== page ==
Picture the Amish gentlewoman at Sears, looking over the Kenmore dryers, her face etched in regret and resignation, deeply suspicious that her purchase might cause her to lose more than she gains. It’s the classic tradeoff: warm fluffy sheets in exchange for a whole way of life. Throw some stretch jeans on that woman and you’ve got me at the big-box store trying to find someone to talk to me about mobile cellular telephones.
He’s not easy to find. There are no sales associates in the store who were alive before cell phones. They stare at you mute when you explain that on your own phone you have to go out to the front yard and turn the crank on the spark generator to get enough steam to put a call through. They have no point of reference to know you’re kidding, and no idea how to react, and they go limp with embarrassment.
If you take all the people who have never owned a cell phone and lay them end to end, they can all hear each other, even without the string and cans. It’s an exclusive group, and we cannot abandon it lightly. Dave and I pretty much knew we’d get cell phones eventually, and have seen many times when one would come in handy. I’ve got a trip coming up and now seems to be the time to pull the trigger. I once covered the better part of two airport concourses before I found a pay phone. I dumped in quarters and called my ride, while she was at the curb watching me do it and waving.
On our last trip, we rented a car. I asked the winsome twenty-year-old at the desk if she had a New Mexico map for me, and she produced a nice simple version on what looked like a paper placemat. We walked out to our car, which was already running, and she handed me a plastic souvenir knob and wished us well. I got in, and then realized there was no key in the ignition, and I didn’t know how to turn the car off, which I anticipated having to do, so I went back in the office to ask. She explained that the plastic knob allowed me to push the button. Oh! I explained that my car didn’t have any doo-dads on it at all. It was a tiny little thing with a steering wheel and go-and-stop pedals and nothing else–it’s not much more than a big helmet. If I had any more questions, the nice young lady said, I could give her a call. No I can’t, I said. We don’t have cell phones. She looked stricken. Did we know where we were going? Did we bring our own GPS? I told her no, but we were fine, with that nice map she gave us.
But, she said. She looked worried. Oh, she was worried. She couldn’t have looked more upset if she had been laid up with a busted foot and had to send MeeMaw out into the snowstorm on the bum mule to fetch Doc Pritchart. And it was absolutely clear to us that she herself had no idea how to get to Los Alamos using just her own neurons and a placemat map. She may not get lost, with all her tools, but she has lost something.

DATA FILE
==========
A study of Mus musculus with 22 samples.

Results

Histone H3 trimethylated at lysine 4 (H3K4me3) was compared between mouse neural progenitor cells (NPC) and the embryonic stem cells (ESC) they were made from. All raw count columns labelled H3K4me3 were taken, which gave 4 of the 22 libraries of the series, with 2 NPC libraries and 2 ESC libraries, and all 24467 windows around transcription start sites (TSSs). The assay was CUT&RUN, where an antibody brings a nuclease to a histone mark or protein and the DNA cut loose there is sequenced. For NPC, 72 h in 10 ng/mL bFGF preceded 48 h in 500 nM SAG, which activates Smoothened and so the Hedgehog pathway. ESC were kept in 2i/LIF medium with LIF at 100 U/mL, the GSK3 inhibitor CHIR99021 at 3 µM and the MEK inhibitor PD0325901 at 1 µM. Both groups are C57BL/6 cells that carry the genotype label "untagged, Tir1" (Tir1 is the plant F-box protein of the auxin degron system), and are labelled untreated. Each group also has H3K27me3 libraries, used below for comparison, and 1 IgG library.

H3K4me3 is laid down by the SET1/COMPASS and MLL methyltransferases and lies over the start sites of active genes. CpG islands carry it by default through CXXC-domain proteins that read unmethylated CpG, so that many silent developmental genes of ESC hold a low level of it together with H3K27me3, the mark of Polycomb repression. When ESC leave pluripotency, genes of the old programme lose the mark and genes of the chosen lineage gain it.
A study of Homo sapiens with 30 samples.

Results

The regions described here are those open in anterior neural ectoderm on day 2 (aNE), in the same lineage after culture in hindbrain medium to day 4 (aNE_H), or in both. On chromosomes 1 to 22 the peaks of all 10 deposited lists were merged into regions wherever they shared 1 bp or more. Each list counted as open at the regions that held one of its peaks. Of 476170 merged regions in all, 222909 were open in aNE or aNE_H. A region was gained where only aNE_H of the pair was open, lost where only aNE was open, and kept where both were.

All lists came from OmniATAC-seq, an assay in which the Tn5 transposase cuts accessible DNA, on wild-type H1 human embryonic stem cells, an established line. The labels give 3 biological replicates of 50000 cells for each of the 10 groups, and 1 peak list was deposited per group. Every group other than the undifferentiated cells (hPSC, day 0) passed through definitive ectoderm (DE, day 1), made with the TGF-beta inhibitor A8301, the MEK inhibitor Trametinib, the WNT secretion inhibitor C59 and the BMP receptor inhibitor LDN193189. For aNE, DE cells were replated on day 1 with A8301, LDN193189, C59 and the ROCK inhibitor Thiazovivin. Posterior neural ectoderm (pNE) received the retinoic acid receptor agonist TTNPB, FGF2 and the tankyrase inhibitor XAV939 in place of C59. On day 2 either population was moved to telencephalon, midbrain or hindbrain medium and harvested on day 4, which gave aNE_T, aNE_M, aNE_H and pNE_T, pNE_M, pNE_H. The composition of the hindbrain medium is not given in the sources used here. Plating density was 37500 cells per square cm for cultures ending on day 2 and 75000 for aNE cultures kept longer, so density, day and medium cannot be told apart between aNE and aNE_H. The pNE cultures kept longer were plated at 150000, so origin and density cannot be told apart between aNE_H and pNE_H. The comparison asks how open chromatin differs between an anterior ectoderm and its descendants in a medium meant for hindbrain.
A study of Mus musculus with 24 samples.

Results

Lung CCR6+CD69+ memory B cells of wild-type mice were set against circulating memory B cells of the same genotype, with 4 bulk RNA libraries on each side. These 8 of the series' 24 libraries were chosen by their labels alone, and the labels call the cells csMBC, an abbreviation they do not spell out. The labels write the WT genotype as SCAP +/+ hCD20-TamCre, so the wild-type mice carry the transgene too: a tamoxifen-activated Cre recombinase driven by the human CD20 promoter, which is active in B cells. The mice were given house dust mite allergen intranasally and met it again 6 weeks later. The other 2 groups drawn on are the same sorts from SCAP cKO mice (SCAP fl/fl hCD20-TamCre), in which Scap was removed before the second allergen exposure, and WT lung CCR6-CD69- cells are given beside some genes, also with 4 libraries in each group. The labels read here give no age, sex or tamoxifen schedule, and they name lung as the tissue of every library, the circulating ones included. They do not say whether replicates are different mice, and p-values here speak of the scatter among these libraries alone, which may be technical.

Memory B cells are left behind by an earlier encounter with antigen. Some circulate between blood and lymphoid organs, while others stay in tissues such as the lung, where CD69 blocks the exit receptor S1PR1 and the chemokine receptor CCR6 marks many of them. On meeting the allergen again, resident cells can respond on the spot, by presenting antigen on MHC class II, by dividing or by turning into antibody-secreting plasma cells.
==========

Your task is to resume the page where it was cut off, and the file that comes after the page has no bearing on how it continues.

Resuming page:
But when we finally made the jump, I always thought, we would try to find the dumbest possible phone. You know, one that can only allow you to talk to someone in Thailand while you’re lugging out the trash. I have no idea what texting is for. And Dave doesn’t have the paws for it in any case. It would be like trying to play hop-scotch in clown shoes.
Then the iPhone came out and it was pretty clear that it was a wonderful item. You could point it at the sky and find out what stars you were looking at. Name a tree by taking a photo of a leaf. Dave could hook up to the site where he snoops on people’s houses and finds out what they pay in taxes and how many bedrooms they have. He does that anyway, back at home, but now he could do it while standing in their very driveway looking big and sketchy. There are millions of apps. Probably one that will figure out what you were going to say. After a certain amount of hesitation on your part, the voice lady will pipe up and say “I have found nine nouns for you.” It was a seductive idea. No longer would Dave and I have to walk around having our normal conversation: what was the name of that woman, you know that woman, the one in the show, the show with the guy who did that thing, you know that guy, he used to be in that other show? We would have the answer to everything in our little warbling pockets. We might not even have to talk at all. We could just amble on in parallel, peering into our little screens. All that for about a hundred bucks a month. It seemed a dream.
But are the fluffy sheets of unlimited data worth what we’d lose? As it is now, we have only one computer. It’s a nice one, but not portable, so when we walk away from it, we can talk to each other, and notice the world. In fact, having only the one computer, we talk to each other all of the time.
Mostly, we say “can I have that machine now?”
We did it. We got our own dumb phones. The staff at the store said the last time someone came in and bought his first phone was last summer. Unless it was the summer before that.